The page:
Hello Woodlot Owners
- The first 100 acres of woodland was purchased in 1989 by Francis and Pauline Verstraten with the original 350-acre farm parcel. They continued to buy more woodland in the area over the years as it became available, and now have approximately 750 acres of woodland in several smaller lots in the area.
- The original farm has been in Pauline’s family since 1820, starting with a land grant to the Oulton family.
- In the late 1800s there were sawmills on both brooks bordering the property, which used up and down saws.
- The woodlot was hit by the spruce budworm in the early 1980s.
- Before the Verstratens purchased the land, the woodlot had been severely high-graded by previous generations. There were very few older trees and the species mix had shifted away from Acadian Forest species like hemlock to other species like fir and white spruce.
- Initially there were very few roads through the woods, with mostly just bobsled trails for hauling out winter wood. When they bought the land, they began cutting out trails with a farm tractor and homemade winch system. In the early days, most of the work done involved harvesting pulp and studwood with power saws.
- In 1992 they started working with a Patu loader and homemade trailer, harvesting and building roads. A John Deere 440 skidder was purchased in the mid ’90s and used until 2009.
- They switched to a mini excavator in 2002 to help with road work, and upgraded in 2009 to larger excavator with an Arbro forestry head.
- In 2009, they purchased a portable bandsaw mill. They had previously hired the mill and sawyer for years, and when it came up for sale they decided to purchase it rather than have it leave the area. They currently saw rough lumber for farm building repair, carpentry, and cottage work; hardwood for flooring and furniture for local woodworkers; and softwood lumber.
- Ecologically responsible, selective forest management has always been important to the Verstraten family. They believe that a healthy, productive forest ecosystem requires a balance between harvesting and silviculture, wildlife protection, recreation, wetland networks, and many other important aspects. They continue to work towards restoring their woodlots to the native Acadian forest through uneven-aged management, including selective, low-impact harvesting, precommercial thinning to encourage healthy native species, and in-fill planting.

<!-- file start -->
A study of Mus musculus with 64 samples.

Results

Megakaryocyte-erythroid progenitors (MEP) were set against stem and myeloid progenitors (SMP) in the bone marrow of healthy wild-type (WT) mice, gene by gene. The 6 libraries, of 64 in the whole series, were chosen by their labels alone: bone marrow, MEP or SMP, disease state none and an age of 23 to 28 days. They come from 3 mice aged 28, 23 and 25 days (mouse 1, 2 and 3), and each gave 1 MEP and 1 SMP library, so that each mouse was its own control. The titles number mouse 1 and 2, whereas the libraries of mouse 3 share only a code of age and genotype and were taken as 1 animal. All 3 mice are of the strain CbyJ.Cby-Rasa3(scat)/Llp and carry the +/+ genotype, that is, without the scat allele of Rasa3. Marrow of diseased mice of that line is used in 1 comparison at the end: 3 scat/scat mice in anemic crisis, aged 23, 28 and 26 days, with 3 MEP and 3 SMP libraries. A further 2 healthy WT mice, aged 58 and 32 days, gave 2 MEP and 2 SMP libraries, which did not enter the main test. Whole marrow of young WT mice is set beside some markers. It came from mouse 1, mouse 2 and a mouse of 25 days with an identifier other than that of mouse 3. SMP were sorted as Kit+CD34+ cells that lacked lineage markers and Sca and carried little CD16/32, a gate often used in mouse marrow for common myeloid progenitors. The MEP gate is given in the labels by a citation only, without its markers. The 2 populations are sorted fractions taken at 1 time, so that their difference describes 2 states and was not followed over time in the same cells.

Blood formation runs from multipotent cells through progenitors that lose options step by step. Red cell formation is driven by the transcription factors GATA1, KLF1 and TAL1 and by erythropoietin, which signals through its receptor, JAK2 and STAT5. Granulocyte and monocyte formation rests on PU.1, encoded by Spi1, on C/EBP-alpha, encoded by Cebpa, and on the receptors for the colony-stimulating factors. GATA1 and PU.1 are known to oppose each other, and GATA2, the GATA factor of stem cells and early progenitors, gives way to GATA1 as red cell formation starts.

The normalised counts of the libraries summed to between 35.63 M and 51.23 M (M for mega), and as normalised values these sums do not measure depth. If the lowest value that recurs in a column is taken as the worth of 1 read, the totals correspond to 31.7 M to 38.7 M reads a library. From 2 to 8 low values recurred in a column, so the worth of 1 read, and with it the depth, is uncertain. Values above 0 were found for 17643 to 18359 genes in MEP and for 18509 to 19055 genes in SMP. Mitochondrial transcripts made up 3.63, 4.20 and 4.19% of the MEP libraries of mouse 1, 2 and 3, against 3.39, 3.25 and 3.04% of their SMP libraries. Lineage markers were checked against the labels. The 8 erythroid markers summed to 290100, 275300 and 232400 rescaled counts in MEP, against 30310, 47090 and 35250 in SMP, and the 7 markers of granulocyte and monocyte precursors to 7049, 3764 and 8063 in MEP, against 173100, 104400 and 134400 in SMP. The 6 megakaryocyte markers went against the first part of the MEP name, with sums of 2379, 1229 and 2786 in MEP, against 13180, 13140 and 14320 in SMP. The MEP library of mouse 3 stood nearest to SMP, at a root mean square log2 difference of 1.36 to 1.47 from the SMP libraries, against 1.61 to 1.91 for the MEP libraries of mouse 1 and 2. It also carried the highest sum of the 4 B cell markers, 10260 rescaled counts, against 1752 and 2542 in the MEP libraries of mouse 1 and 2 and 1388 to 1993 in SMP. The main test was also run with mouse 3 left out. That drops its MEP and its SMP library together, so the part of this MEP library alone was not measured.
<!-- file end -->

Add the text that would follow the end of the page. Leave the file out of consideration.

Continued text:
- In the early years, they did not apply for funding assistance for their silvicultural work. This was partly because they didn’t know what was available and partly because funding was only available for commercial harvesting treatments (commercial thinning, shelterwood cuts, PCT) and not for the kind of silviculture they wanted on their land (uneven-aged, selection management).
- In the past, they have used tree marking to let outside contractors know what to cut and what not to cut. Since almost all management treatments are now done by Francis, Christie, and a couple of close family friends (all of whom share an affinity for ecosystem-based, uneven-aged forest management ethics), tree marking is not used as much now.
- In the past, when they harvested, they made enough money to at least cover contractor costs. Sometimes, in new lots, they would make enough money from timber removed when road building to cover the cost of purchasing the lot. Most timber that has come out of the lots has been poorer quality and over-mature wood that was removed primarily to improve the quality of the stand.
- All the wood they cut off their own land (except the occasion load of #1 pulp wood and studwood) is processed on the farm as either firewood, lumber, or specialty wood for woodworking and other custom projects. Poorer quality wood is left in the forest as fertilizer and wildlife habitat.
- Currently, they do not produce any non-timber forest products, but they are experimenting with mushroom propagation and have considered starting a native tree nursery in the future.
Stephen Cole, NSWOOA Forester
NSWOOA tells government:
It’s time to change course
- Acquire the 550,000 acres of Bowater forestland that is now on the market;
- Manage the land for production of high-quality, high-value wood products as the first step in creating a vibrant rural economy based on non-commodity forest products; and
- Create a new market for wood residues from sawmills – and low-grade logs that are harvested as part of forest restoration efforts – by encouraging the development of community-based, wood-fired, combined heat and power generation facilities. They could also burn agricultural biomass, providing new revenue for farmers.
- These small facilities should be dispersed throughout the province to meet the energy needs of schools, hospitals, government offices and manufacturing plants. They would reduce our dependence on foreign fuels and increase energy security for local communities. Moreover, the money spent on fuel wood purchases would remain in Nova Scotia.